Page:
1.GOOGLE:  Australia’s antitrust watchdog said it wants the power to curb Google’s use of internet data to sell targeted ads, saying the Big Tech firm dominated the market to the point of harming publishers, advertisers and consumers.

The comments, in a report published Tuesday, set up another possible showdown between Australia and Google months after the Alphabet  Inc unit vowed to pull core services from the country over a new content licensing law.

It may also spur along an anti-monopoly lawsuit reportedly being prepared by the U.S. justice department accusing Google of using its market muscle to hobble advertising rivals. European regulators are also scrutinising Google’s advertising business.

In its “ad tech” report, which still must be considered by the government, the Australian Competition and Consumer Commission (ACCC) said Google’s dominance of online advertising was so entrenched that existing laws were insufficient to rein in any anticompetitive behaviour.

More than 90% of clicks on advertisements that passed through Australia’s “ad tech” supply chain went through at least one Google-owned service in 2020, the regulator said.

2.GENERAL MOTORS:-General Motors  supports the emission reduction goals in the proposed rewrite of vehicle standards through 2026 issued by the U.S. Environmental Protection Agency last month, according to written comments the automaker filed with the EPA on Monday.

GM called the EPA’s proposal “historically stringent” and said the Biden administration should ensure automakers in compliance with EPA rules not be subject to civil penalties in the parallel National Highway Traffic Safety Administration fuel economy program “that may arise from the geographic location of its supply chain.”

3.CITI GROUP- Citigroup Inc  has named former U.S. Treasury official Brent McIntosh as its new general counsel and corporate secretary, Chief Executive Officer Jane Fraser wrote in a memo to employees on Monday.

McIntosh, who will succeed Rohan Weerasinghe, will join the bank on Oct. 25. Weerasinghe, retiring after nearly a decade with the bank, will stay on through the end of the year.

The incoming general counsel previously held the role of under secretary for international affairs at the U.S. Department of the Treasury, where he was crucial in designing policies to combat the economic fallout of the COVID-19 pandemic, the memo said.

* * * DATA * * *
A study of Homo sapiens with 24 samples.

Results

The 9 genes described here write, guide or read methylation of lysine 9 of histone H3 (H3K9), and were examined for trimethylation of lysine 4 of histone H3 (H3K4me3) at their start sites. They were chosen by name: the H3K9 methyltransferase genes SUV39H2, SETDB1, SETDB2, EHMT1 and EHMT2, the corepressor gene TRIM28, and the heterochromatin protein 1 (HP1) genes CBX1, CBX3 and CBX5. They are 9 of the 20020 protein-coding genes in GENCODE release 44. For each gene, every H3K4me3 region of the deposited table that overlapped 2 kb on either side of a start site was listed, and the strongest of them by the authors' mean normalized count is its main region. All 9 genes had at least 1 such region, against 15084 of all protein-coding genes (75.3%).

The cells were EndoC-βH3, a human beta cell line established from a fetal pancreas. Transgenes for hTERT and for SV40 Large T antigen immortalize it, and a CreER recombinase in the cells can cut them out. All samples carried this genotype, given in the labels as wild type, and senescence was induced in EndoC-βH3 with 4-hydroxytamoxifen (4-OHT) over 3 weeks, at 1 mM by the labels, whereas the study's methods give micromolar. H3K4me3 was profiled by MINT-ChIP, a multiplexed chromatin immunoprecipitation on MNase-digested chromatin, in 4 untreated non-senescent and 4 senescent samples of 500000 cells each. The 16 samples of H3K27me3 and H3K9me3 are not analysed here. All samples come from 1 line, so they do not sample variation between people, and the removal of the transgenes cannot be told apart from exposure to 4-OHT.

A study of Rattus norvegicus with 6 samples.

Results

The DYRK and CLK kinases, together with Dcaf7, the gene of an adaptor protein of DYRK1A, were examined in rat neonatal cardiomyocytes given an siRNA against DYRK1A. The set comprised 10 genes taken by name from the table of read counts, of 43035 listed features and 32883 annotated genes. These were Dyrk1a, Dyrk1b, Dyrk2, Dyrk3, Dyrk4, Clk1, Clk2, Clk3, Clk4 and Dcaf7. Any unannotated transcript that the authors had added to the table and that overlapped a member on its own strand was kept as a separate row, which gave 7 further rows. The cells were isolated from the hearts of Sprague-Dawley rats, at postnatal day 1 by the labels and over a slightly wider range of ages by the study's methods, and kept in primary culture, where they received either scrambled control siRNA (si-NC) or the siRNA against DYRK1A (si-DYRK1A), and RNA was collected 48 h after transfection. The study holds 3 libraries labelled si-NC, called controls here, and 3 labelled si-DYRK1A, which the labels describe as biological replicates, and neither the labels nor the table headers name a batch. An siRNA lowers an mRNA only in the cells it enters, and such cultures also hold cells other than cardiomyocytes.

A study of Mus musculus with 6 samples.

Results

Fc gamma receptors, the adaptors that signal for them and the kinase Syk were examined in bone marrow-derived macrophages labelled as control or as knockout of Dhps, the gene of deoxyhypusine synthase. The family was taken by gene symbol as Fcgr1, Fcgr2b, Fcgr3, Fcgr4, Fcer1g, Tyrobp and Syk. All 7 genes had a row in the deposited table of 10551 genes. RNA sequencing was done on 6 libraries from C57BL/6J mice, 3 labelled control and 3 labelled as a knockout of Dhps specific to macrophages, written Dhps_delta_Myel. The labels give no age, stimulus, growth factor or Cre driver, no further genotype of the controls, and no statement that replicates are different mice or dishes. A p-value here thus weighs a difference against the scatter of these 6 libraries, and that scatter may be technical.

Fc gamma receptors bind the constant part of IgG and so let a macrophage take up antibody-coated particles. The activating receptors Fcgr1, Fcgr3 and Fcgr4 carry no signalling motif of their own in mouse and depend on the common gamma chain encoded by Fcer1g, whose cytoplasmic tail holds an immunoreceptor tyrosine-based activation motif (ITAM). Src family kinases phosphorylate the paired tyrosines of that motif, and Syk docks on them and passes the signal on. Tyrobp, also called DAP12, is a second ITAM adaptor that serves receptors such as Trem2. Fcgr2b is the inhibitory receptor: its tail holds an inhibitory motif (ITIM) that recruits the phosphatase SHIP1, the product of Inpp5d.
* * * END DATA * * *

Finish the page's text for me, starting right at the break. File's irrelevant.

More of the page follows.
McIntosh has also held senior roles at the White House and the U.S. Department of Justice, according to the memo. Prior to joining the Treasury, he was a partner at law firm Sullivan & Cromwell.

4.ADOBE:Adobe  took a hit of over 4% post-earnings, as the top- and bottom-line beats failed to impress.

On the whole, Adobe clocked in a great quarter, but investors were expecting more. Going into the quarterly reveal, shares had enjoyed quite the run, and potentially unreasonable expectations.While Adobe stock is now off over 11.6% from its all-time high, it’s still up over 24% year-to-date.

You would have to do some digging to find hair on Adobe’s third-quarter results, which weren’t as bad as the post-earnings reaction suggested. The outlook was also pretty upbeat, but that’s the danger of playing hot stocks going into earnings. The expectations bar got too high, and inevitably, Adobe ended up stumbling.

The solid quarterly beat was thanks mainly to the Digital Experience segment, which should continue to garner momentum over the next 18 months, as the digital transformation trend continues.

Revenues were up around 22% year-over-year, with $3.11 in per-share earnings, beating the Street consensus by a dime. Operating margins also held strong. So, what was the problem?

Simply put, investors were expecting a more prominent beat, especially on the top line.

The name now finds itself trading at around 19.1 times sales, and 49.9 times trailing earnings. For that type of valuation, not only do investors demand strength, they demand a bit of a surprise to the upside.

5. NETFLIX: Netflix Inc  is not looking to buy a movie theater chain, Co-Chief Executive Ted Sarandos said on Monday, a rejection of speculation that swirled after the world’s largest streaming service bought two cinemas.

The company owns one theater in New York, purchased in 2019, and one in Los Angeles, which it bought in 2020. Netflix uses the cinemas to hold movie premieres and to showcase some of its original films.

Asked at Vox Media’s Code Conference if Netflix might next buy a theater chain, Sarandos said “no.”

He also said he expected theaters to survive the rise of at-home streaming but that audiences would make fewer trips to their local cinema when they can watch so much programming at home.

“I think (moviegoing) will be less frequent, maybe more expensive,” he said. “Using it as an event to get out of the house, people are still going to be looking for that.”

Sarandos also said that the recently released Korean horror series “Squid Game” was on its way to becoming Netflix’s biggest non-English title so far and could turn into its most popular show yet around the world.

“We did not see that coming, in terms of its global popularity,” Sarandos said.